Ask A Dietitian: All Your Burning Questions About Going Plant-Based Answered

A newbie's guide to eating greener with registered dietitian Ciara McNulty @thefakevegan_

Looking to change up your lifestyle? Well we’ve got the experts on speed dial, and today, Ciara McNulty, registered dietitian and all round educational foodie online @thefakevegan_ is here to answer all your questions and bust all those myths about going plant-based.

1. Getting protein into your diet is hard when you don’t eat meat.

This is absolutely false! There is a big variety of plant-based protein sources that can be eaten when following a plant-based lifestyle. It’s true that some plant sources are not ‘complete’ proteins, meaning they do not contain every essential amino acid – animal proteins will contain all amino acids in once source, but some plant sources like soya products – soy beans, tofu, tempeh and soy milk are complete proteins. I recommend combining sources at each meal, for example, hummus and pita bread or red lentils and wholegrain rice. Some example of non-meat proteins are eggs, tofu, beans, green peas, lentils, milk and dairy products, soya products, protein powders, nuts, seeds and wholegrains.

 2. A plant-based lifestyle is the same thing as being a vegetarian.



3. Going plant-based will leave you feeling more tired and less full.

Plant based diets should not leave you feeling hungry and tired. It all comes down to being smart with your intake and making sure you are having fulfilling, balanced meals and snacks regularly throughout the day. Just like a ‘normal’ diet, plant-based meals should provide all key macronutrients i.e. carbohydrate, protein and fat. Not to mention they should be packed with colourful fruit and vegetables. Once you are adequately fuelling yourself by eating enough of the right foods, then tiredness and hunger should be avoided.

4. A plant-based lifestyle means a cheaper weekly food shop.

This is definitely something I have found myself when it comes to food shopping. Typically, the basis of plant-based meals are fresh fruit, veg, wholegrains, legumes and dairy/ dairy alternatives. In the supermarkets, these products are cheap relative to meat and dairy. A block of tofu costs about 2-3 euro per 4 servings, compared to meat which can go up to 2-3 euro per serving. Tinned items are also common place in a plant-based diet e.g. beans, sweetcorn, peas, tomatoes. These are very budget-friendly at 50 cent or less! It’s important to note that leading a whole-foods focused diet will reduce costs, but relying heavily on pre-made meals or snacks, sauces, desserts or confectionary can be expensive.

5. You are restricted to eating only vegetables and salad dishes when you’re plant-based.



6. You need to be a good cook and creative in the kitchen to go plant-based.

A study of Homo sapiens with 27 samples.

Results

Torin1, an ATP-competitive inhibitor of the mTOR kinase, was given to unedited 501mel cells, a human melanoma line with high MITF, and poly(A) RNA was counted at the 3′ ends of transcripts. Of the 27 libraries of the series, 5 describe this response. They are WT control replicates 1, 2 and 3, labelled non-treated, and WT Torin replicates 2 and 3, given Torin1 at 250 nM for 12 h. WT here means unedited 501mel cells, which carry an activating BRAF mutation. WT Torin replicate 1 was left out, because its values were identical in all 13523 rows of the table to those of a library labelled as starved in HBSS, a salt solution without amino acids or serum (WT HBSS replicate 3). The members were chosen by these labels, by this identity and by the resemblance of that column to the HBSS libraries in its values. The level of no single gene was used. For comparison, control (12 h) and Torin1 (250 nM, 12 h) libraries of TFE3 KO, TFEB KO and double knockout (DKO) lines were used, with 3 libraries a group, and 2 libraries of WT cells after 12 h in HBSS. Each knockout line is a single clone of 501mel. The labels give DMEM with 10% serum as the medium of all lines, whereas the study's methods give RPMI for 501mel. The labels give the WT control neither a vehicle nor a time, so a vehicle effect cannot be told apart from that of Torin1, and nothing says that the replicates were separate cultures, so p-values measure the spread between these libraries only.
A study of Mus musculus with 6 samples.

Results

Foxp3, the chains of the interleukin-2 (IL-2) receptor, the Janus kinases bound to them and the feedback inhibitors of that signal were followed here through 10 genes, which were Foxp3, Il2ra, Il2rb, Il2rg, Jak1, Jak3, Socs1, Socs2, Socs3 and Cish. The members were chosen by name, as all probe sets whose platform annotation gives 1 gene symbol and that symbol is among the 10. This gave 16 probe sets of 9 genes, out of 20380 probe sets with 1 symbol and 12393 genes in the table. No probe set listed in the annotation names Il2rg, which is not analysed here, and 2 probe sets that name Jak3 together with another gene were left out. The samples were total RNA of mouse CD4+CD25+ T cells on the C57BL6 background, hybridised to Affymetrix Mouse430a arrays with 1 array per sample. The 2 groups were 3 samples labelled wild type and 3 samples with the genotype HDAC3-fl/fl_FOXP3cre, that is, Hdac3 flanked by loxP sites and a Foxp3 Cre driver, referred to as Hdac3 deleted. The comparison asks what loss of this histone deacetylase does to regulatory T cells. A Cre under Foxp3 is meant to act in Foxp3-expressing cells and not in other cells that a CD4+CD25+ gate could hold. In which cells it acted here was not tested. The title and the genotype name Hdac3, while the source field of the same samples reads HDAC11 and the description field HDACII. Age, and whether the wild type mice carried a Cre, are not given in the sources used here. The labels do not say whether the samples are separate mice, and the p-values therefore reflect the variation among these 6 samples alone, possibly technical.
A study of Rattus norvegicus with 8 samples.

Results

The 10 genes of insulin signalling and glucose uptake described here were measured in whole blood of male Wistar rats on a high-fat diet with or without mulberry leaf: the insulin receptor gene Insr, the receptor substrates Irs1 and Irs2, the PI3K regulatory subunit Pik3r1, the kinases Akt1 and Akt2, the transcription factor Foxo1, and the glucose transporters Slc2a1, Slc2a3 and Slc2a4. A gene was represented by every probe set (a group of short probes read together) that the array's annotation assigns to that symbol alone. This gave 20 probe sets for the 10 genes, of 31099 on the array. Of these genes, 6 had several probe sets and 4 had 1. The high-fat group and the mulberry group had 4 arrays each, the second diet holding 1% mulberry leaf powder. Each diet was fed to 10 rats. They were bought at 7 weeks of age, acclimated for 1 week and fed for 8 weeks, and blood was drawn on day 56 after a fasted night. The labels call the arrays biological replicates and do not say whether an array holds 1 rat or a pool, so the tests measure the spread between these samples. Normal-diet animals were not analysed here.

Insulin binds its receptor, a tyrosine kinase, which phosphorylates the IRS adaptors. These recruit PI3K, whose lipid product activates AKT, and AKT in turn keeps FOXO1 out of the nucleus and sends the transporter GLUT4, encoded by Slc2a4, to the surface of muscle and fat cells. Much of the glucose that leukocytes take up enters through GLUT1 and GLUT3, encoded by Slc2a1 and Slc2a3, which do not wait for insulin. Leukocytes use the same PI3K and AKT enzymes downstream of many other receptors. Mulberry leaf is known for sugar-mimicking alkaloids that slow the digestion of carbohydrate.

I think one of the best parts about being plant-based is the nature of the foods abundant in the diet being full of flavour, texture and colour. Vegetables, fruit, legumes, fresh herbs, nuts etc. are beautiful and bring their own components to each meal. If you are familiar with your own food preferences like flavours and spices then this shouldn’t be an issue. A great place to start is thinking of your favourite meal in the world. Maybe it’s lasagne, avocado toast with poached eggs or a burrito. From there, identify the components that you would like to substitute e.g. beef or chorizo or eggs. You can take to the internet for quick substitution ideas or get creative! There is so much information on social media, magazines and blogs these days that there is no shortage of quick, simple plant-based recipes. One simple idea can be making a spicy, crunchy tofu to replace a chorizo burrito. Fry up some small tofu chunks in olive oil, garlic, tomato paste, honey, salt, pepper, fresh chilli flakes and paprika. Voila!

8. A plant-based lifestyle isn’t suitable for those with children.



7. It’s easier to go plant-based with a friend or partner.

Yes! I think making any lifestyle changes on your own can be quite challenging. There is strength in numbers when it comes to transitioning to a plant-based diet. This is true on many levels but mainly down to logistics. If you are living with a partner or a friend and share the food shopping duties, it makes sense to buy the same food. You can definitely cook similar meals, with and without meat, but there is something special about cooking and eating together. If you live alone or don’t mind cooking for yourself, there should be nothing holding you back. Plant-based options in supermarkets and restaurants are more and more abundant and exciting. There are many alternatives available with gorgeous taste and nutrition profiles. Even if it is just one day or one meal per week, the transition has never been easier.

Follow Ciara here @thefakevegan_ for more!